First World War wreck explored for families
Maritime Archaeology Trust investigate ship sunk in 1918
A ship sunk during the First World War off the south coast of England featured in a BBC Inside Out feature broadcast earlier this week.
Archaeologists from the Maritime Archaeology Trust joined a team to help families discover the fate of their relatives for the programme.
lies on its starboard side with its boilers spilled out onto the seabed
Led by Dave Wendes and Mike Pitts, the Trust’s archaeologists worked to re-investigate the wreck of the SS South Western, sunk in 1918. It was a steam ship built by J & W Dudgeon of London in 1874. At the time of sinking it was owned by London and South Western Railway Company and registered in Southampton.
On the 16th March 1918 it departed Southampton with more than 12 tons of general cargo bound for St. Malo. There were 28 crew, including Captain John Alfred Clark. That night the ship tragically sank with slightly contradicting accounts of what happened.
The captain reported spotting a submarine at 11pm, but it was too close to the ship and submerged before a shot could be fired. At 11.30 he reported it again on the starboard side and the order was given to the gunners manning the aft gun to fire. Before they had time to do so the ship was hit by a torpedo and began to sink.
Slightly contradicting the previous report, Frank Gleadhill, the commander of the gun crew, reported that he lay in his bunk until 11.30pm at which point he felt a judder throughout the hull. Upon going out on deck he heard the captain report something suspicious and order a sharp lookout. Ten minutes later he spotted a submarine on the port beam. Gleadhill ran to the aft gun, where the two crew loaded and layed the gun. Moments before the order to fire could be given, a torpedo slammed into the side of the ship. After the blast the gun crew were nowhere to be seen.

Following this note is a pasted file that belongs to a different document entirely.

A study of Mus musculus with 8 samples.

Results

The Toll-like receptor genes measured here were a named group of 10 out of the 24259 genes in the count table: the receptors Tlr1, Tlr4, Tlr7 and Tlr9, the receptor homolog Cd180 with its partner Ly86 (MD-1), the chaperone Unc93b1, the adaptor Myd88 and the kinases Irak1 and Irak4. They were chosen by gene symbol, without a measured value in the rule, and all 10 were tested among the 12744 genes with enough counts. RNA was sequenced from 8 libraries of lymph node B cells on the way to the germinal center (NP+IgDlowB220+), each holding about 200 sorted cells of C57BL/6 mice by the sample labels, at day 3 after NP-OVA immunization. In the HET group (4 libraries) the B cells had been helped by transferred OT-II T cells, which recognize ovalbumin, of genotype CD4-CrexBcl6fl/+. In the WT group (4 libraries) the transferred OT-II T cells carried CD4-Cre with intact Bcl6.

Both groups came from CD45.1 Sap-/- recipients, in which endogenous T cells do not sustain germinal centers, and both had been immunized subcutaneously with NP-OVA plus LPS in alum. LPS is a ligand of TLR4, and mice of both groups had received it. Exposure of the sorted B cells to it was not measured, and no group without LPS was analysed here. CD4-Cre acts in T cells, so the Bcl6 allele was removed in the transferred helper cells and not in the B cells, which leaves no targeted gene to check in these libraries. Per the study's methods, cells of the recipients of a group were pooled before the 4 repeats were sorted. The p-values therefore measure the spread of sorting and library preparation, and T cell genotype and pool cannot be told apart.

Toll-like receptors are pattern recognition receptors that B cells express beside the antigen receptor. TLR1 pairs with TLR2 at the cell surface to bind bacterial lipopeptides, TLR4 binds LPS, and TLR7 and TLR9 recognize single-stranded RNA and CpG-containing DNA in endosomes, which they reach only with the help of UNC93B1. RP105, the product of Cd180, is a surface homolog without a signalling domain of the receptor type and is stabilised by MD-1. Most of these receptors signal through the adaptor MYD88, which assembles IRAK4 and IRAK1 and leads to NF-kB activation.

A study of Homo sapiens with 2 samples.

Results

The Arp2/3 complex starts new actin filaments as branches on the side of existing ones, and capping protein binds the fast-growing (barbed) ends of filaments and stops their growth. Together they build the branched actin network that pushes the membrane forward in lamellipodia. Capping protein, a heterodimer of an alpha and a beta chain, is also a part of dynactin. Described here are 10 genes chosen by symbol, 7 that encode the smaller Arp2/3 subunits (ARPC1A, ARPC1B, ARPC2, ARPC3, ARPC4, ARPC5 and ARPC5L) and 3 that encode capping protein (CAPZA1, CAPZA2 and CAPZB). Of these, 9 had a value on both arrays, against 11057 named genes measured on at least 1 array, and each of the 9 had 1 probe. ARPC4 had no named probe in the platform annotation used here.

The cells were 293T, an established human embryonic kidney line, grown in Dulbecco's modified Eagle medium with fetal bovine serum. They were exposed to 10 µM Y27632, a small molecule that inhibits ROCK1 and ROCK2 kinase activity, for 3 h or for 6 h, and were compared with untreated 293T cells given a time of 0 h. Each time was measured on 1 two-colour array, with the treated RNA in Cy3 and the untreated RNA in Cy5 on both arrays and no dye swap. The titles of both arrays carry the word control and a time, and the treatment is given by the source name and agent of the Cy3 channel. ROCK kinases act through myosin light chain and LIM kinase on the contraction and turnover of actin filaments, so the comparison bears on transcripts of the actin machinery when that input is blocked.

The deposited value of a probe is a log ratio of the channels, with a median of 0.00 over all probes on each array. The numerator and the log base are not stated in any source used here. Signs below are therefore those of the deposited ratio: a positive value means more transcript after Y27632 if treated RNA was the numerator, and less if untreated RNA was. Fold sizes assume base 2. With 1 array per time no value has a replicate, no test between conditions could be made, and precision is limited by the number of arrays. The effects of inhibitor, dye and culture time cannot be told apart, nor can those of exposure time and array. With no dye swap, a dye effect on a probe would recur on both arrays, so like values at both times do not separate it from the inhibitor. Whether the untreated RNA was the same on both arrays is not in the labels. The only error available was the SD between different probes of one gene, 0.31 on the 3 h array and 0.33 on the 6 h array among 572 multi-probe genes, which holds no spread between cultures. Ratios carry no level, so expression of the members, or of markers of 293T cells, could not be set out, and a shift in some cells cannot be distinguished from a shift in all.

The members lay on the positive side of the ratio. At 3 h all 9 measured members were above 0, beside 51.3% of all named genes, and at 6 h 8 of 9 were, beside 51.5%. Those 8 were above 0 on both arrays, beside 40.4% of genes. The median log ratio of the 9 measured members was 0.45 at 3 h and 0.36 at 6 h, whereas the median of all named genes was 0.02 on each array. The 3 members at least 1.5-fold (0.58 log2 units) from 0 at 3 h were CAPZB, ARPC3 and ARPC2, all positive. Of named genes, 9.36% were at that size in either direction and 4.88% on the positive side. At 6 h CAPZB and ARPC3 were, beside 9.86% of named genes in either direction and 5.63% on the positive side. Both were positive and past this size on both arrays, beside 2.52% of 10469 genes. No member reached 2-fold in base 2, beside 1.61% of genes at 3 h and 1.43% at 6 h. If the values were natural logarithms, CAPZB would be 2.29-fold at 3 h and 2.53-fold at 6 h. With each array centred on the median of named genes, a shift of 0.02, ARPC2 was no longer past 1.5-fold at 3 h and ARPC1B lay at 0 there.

In the BBC feature families who lost relatives were told of Gledhill’s survivor report to help them understand what happened that night from the personal perspective of those on board.
Initially it appeared that the behaviour of the gun crew was unsatisfactory, but the revelations in Gleadhill’s report suggest this view should be reconsidered. It indicates that gun crew had remained at their station and were only prevented from firing by the explosion of the torpedo.
The televised feature shows some previously unseen dive footage of the wreck. This was only possible thanks to extensive archival research carried out by David Wendes who successfully located the vessel remains in his research South Coast Shipwrecks off East Dorset and Wight: 1870-1979.
The footage taken by Mike Pitts shows that today the wreck has a height of 5-6m above the seabed. It lies on its starboard side with its boilers spilled out onto the seabed.
The wreck dive and footage not only contributes to the archaeological knowledge of the vessel, but has also helped families to come to terms with their relatives deaths. Riva Mollison, the great granddaughter of a crewman, stated that for her the wreck is a tangible piece of evidence that her relative existed. She believes that exploring wrecks helps overcome the issues of no grave being available when lives are lost at sea.
BBC Inside Out was broadcast on 24th February 2014, and you can catch it on iPlayer.